Patient-Oriented Evidence That Matters

Baloxavir Reduces Symptom Duration Similar to Oseltamivir, Primarily Within 24 Hours of Symptom Onset


Am Fam Physician. 2019 Dec 15;100(12):online.

Clinical Question

Is baloxavir (Xofluza) a safe and effective for treatment of influenza?

Bottom Line

Baloxavir has similar efficacy to oseltamivir (Tamiflu) (33-hour reduction in duration of symptoms compared with placebo) and, like oseltamivir, is most effective when given within 24 hours of the onset of symptoms. If given 24 to 48 hours after symptom onset, symptom duration was reduced by only 13 hours (which is almost identical to what we found in our meta-analysis of oseltamivir [Fam Pract. 2013;30(2):125–133]). It does not seem worth the extra cost in the United States: $160 for baloxavir vs. $50 for oseltamivir (www.goodrx.com). There are no data regarding the effect on complications or mortality, nor any data for patients younger than 12 years, older than 64 years, or with serious comorbidities. The major advantages of baloxavir over oseltamivir for those who choose to use it are convenience because it is a single dose and fewer adverse drug reactions (number needed to treat = 25). (Level of Evidence = 1b)


Baloxavir inhibits polymerase acidic protein, which is involved in viral replication. This report summarizes the results of a phase two (dose-ranging) trial and a phase three trial comparing baloxavir with oseltamivir and placebo (baloxavir is now U.S. Food and Drug Administration approved). We will focus on the phase three trial, which recruited patients 12 to 64 years with an influenza-like illness for less than 48 hours. The authors randomized patients 20 to 64 years of age into one of three groups in a 2:2:1 ratio: baloxavir in a single dose (40 mg for patients weighing less than 80 kg [176 lbs] and 80 mg for patients weighing at least 80 kg); oseltamivir, 75 mg twice daily for five days; or matching placebos. The patients 12 to 19 years of age were randomized in a 2:1 ratio to baloxavir or placebo. Influenza-like illness was defined as the presence of fever 100.4°F (38°C) or higher, at least one respiratory symptom that was moderately severe, and at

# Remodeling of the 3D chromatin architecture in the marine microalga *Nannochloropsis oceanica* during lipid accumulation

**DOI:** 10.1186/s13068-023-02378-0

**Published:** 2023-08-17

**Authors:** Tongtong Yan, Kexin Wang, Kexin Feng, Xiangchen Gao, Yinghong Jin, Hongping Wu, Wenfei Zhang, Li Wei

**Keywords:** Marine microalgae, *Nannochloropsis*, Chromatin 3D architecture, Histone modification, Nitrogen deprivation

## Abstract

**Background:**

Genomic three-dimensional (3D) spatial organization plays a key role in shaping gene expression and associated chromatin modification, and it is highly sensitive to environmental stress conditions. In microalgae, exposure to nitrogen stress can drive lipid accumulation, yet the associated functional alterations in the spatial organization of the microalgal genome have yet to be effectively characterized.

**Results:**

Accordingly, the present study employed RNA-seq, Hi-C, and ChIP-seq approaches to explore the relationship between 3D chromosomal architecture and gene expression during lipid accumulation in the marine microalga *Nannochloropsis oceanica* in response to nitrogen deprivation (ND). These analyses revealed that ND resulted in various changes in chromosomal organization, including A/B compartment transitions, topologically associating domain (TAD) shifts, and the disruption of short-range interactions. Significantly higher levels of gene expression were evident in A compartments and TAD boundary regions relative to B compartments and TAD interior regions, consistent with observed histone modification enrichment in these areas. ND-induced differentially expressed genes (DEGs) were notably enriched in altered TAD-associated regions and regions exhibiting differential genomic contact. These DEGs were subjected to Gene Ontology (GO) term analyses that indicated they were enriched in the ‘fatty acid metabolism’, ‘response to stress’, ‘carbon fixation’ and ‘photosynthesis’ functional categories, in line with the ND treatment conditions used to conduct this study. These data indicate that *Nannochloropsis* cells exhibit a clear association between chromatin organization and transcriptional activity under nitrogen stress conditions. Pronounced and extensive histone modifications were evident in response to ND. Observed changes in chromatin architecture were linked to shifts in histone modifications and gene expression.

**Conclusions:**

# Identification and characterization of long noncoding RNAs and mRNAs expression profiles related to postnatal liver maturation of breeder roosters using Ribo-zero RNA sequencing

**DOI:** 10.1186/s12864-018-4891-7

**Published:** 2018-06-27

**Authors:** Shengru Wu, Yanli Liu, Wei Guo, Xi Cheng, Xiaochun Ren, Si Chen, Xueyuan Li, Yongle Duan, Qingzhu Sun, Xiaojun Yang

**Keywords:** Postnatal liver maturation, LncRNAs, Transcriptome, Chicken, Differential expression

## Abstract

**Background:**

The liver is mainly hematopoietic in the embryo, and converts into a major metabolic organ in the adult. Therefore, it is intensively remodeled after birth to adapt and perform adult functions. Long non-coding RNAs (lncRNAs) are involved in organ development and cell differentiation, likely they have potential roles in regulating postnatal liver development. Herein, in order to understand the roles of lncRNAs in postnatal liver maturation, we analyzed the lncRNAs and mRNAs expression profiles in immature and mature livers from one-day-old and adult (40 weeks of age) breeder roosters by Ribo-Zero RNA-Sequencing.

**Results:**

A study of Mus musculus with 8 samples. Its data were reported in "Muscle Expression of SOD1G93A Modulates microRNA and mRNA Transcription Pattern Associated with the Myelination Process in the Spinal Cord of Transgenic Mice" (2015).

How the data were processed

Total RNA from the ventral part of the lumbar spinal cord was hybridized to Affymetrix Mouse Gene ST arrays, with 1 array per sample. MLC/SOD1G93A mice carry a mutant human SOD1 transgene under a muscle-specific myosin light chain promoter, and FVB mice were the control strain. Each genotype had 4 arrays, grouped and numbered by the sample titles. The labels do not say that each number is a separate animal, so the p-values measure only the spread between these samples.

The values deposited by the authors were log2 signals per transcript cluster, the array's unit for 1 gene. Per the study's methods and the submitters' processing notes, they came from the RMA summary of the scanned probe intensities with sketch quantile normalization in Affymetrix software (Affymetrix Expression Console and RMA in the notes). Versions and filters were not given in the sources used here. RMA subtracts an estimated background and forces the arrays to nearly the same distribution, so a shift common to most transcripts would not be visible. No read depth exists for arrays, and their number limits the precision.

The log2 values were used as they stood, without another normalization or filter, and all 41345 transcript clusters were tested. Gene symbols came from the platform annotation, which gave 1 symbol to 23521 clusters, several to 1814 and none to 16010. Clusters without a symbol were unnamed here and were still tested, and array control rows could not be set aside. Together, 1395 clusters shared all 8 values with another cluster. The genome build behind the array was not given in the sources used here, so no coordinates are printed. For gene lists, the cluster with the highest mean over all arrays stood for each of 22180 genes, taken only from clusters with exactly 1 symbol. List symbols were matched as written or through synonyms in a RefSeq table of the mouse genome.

POEMs (patient-oriented evidence that matters) are provided by Essential Evidence Plus, a point-of-care clinical decision support system published by Wiley-Blackwell. For more information, see http://www.essentialevidenceplus.com. Copyright Wiley-Blackwell. Used with permission.


A collection of POEMs published in AFP is available at https://www.aafp.org/afp/poems.